Ambrose Parry - The Way of All the Flesh
- David Pollock
- 29 August 2018
Debut novel for Chris Brookmyre and Marisa Haetzman writing under a pen-name
Dispensing with the cagey Robert Galbraith school of taking pseudonyms, in which JK Rowling tried to pass off the fact that the crime novelist of Strike series fame wasn't actually her for a time, Ambrose Parry has been upfront right from the beginning. 'He' is the pen-name of married couple Chris Brookmyre and Marisa Haetzman; Brookmyre, of course, being the extensively published Scots author of thrillers including Quite Ugly One Morning and All Fun and Games Until Somebody Loses an Eye.
While the authoring game is Brookmyre's trade, this 'debut' novel for Parry seems to have come more from Haetzman's interests and specialisms. A consultant anaesthetist in the NHS for twenty years, she also has a Master's degree in the History of Medicine, in which she studied the early use of anaesthesia. In Victorian times, apparently, this was a real-life tale which involved the Royal family, the clergy and the intersection with any number of historic medical procedures which we may now consider barbaric.
All of which forms the backdrop to The Way of All Flesh, a Victorian crime thriller set in 1847 which bears elements of comparison to similarly murderous artefacts of Victoriana as the Burke and Hare murders or Alan Moore and Eddie Campbell's psycho-geographic graphic novel about Jack the Ripper, From Hell. There are two protagonists here, as there are two writers; in the beginning, new medical student Will Raven, and subsequently housemaid Sarah Fisher, both in the employ of the real-life Doctor James Simpson, and neither entirely a fan of one another to start off with.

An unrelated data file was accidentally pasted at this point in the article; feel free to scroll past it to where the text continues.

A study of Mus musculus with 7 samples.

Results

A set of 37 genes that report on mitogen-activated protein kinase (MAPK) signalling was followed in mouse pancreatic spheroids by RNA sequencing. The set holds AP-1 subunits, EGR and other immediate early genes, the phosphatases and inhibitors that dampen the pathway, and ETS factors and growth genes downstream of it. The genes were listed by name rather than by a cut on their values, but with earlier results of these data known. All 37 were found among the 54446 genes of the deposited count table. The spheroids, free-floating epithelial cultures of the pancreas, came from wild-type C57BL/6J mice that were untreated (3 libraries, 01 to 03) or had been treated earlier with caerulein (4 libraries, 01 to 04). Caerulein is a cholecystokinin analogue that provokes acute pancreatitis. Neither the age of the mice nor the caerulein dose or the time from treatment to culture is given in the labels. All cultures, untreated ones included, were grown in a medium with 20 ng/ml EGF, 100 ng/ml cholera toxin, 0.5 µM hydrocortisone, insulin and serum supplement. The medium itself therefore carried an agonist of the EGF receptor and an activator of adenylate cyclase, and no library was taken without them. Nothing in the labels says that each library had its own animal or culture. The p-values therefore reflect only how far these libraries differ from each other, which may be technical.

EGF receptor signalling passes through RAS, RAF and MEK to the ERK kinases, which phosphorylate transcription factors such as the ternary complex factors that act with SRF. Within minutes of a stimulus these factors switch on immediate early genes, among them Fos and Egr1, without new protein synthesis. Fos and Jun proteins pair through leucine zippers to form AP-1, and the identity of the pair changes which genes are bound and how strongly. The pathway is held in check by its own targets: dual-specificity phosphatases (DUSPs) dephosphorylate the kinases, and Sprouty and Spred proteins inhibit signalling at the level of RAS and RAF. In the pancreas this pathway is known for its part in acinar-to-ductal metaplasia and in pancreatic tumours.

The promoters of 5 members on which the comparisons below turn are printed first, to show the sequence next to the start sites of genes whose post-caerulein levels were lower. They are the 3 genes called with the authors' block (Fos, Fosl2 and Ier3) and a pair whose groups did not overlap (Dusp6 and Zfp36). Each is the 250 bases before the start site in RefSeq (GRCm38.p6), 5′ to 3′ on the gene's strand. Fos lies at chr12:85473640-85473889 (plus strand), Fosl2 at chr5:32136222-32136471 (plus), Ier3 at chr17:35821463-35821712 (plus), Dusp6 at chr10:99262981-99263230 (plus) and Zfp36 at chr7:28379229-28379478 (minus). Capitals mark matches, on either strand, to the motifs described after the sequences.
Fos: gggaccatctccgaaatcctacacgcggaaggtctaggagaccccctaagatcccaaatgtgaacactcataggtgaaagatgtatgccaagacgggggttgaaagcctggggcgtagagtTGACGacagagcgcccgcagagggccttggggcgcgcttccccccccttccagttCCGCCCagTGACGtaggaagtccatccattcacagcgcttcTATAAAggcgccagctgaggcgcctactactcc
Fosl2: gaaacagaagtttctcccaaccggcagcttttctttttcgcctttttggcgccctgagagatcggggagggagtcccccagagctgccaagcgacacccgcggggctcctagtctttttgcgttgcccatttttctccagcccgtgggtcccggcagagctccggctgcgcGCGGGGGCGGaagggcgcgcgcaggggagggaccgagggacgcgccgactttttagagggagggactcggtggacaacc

Young women are being murdered in violent circumstances, and the pair are drawn into the hunt. As with each of Brookmyre's books, the thriller aspect is only part of the fun, with his distinctive narrative tone providing an easy read. The narrative style here involves a crisp Victorian tone, with characters who are bold and distinctive, and a thread of black humour woven throughout; the sense of an Edinburgh socially and geographically developing into the one we know now adds extra flavour to a foot-finding first instalment in what has the potential to become a series.
Out now, published by Canongate Books.